There is no thing in law as a true jack-of-all-trades. Many attorneys dabble in areas with which they are not all that familiar, and, if they have at least SOME familiarity or know what to ask – they will do OK. That is to say, if they make a mistake, it won’t be catastrophic.
A friend just posted a link to a case out of the Northern District of Texas on a Bankruptcy Lawyer’s group to which I belong. The case dealt with individual creditors who alleged that they were defrauded by a dishonest debtor. When you want to allege that a debt cannot be discharged because of fraud, you MUST make that allegation within a certain period of time. You must file specific papers with the court in order to make the allegation stick. If you need more time, you must ask for it before the deadline. If not, you are SOL. In this case, the creditors’ attorney was not a regular bankruptcy practitioner. He blew his deadline and the court held that his inexperience in bankruptcy was not “excuseable neglect” sufficient to excuse the late filing. The upshot was that the creditors lost their claim.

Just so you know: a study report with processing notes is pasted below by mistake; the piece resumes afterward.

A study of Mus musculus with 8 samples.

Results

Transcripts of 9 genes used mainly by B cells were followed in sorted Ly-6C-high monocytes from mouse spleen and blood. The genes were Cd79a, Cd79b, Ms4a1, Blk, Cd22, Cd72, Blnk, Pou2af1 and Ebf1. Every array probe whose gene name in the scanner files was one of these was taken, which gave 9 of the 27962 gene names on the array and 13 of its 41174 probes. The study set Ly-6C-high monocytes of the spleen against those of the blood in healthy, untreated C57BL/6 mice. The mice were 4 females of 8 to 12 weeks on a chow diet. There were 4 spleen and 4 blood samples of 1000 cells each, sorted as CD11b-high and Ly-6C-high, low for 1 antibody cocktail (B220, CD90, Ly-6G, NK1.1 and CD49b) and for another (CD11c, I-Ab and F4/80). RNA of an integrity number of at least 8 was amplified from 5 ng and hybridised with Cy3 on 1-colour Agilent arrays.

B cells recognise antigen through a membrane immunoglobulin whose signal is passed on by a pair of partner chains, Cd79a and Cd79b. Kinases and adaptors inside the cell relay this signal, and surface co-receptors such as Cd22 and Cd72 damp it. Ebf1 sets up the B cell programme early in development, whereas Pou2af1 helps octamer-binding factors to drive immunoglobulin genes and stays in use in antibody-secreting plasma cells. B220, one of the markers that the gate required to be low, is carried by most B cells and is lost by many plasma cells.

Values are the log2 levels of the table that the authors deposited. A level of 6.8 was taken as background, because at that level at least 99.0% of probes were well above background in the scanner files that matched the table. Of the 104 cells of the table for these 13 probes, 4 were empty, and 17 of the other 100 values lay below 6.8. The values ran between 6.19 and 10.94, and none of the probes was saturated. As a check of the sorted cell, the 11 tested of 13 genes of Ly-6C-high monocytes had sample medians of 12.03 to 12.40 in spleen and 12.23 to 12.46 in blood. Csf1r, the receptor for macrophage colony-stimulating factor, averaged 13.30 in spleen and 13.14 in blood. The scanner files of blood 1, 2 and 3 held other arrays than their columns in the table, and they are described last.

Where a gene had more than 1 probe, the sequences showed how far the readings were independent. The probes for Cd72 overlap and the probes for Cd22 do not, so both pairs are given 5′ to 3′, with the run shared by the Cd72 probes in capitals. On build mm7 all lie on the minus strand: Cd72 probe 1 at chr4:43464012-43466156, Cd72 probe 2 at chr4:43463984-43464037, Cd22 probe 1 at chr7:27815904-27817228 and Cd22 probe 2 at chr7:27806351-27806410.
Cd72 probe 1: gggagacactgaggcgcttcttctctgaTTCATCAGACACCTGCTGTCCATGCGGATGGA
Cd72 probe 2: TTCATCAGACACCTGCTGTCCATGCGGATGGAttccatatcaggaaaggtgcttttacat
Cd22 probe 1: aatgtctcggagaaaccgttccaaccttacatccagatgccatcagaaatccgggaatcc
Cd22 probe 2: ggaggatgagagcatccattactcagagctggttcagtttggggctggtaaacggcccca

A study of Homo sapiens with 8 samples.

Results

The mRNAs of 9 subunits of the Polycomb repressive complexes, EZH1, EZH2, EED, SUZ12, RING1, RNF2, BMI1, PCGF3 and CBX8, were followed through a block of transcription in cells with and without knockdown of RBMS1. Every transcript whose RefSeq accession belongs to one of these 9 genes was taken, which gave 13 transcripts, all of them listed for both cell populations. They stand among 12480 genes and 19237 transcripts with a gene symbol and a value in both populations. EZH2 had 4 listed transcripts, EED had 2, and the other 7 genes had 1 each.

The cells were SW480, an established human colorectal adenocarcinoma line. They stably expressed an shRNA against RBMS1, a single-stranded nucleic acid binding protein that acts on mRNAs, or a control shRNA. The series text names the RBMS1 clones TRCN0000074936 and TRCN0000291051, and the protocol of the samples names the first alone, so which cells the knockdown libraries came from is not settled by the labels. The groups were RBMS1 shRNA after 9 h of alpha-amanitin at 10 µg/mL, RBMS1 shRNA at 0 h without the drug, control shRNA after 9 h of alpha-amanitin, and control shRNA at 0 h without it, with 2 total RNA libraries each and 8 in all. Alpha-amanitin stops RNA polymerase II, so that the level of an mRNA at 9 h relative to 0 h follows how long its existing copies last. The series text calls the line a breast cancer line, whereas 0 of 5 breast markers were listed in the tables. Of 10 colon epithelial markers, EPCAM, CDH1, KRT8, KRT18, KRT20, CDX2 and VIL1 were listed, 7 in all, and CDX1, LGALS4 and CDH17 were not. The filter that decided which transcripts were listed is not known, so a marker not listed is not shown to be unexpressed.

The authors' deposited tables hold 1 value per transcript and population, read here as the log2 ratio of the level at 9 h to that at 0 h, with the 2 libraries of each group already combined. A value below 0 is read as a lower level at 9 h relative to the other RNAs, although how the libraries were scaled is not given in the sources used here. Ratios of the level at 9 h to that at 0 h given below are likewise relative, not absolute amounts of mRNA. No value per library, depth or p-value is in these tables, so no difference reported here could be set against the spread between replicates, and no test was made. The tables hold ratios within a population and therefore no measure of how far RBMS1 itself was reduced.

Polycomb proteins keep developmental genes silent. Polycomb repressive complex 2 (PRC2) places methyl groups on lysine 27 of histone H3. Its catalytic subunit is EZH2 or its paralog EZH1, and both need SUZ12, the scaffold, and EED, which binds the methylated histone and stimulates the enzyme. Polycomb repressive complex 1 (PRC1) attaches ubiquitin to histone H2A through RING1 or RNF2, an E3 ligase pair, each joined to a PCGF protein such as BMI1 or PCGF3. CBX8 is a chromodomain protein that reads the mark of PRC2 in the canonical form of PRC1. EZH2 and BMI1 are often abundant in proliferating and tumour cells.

In my own practice I regularly see creditors and debtors who come in with attorneys who are not familiar with bankruptcy practice in my districts. Worse, when it is attorneys dealing with related cases that impact the bankruptcy, the creditors’ attorneys do not realize that they are committing stay violations. Debtors who file with attorneys that do not regularly practice in bankruptcy law, especially in more complex cases, run the risk that deadlines are missed or that service is not made properly on the appropriate parties. It can be even worse with pro se parties who, if creditors, run the risk of sanctions for breaking the rules and, if debtors, risk having cases dismissed or assets liquidated.
Take the time, talk to an expert, don’t rely on the internet. The time spent could save tons of money later.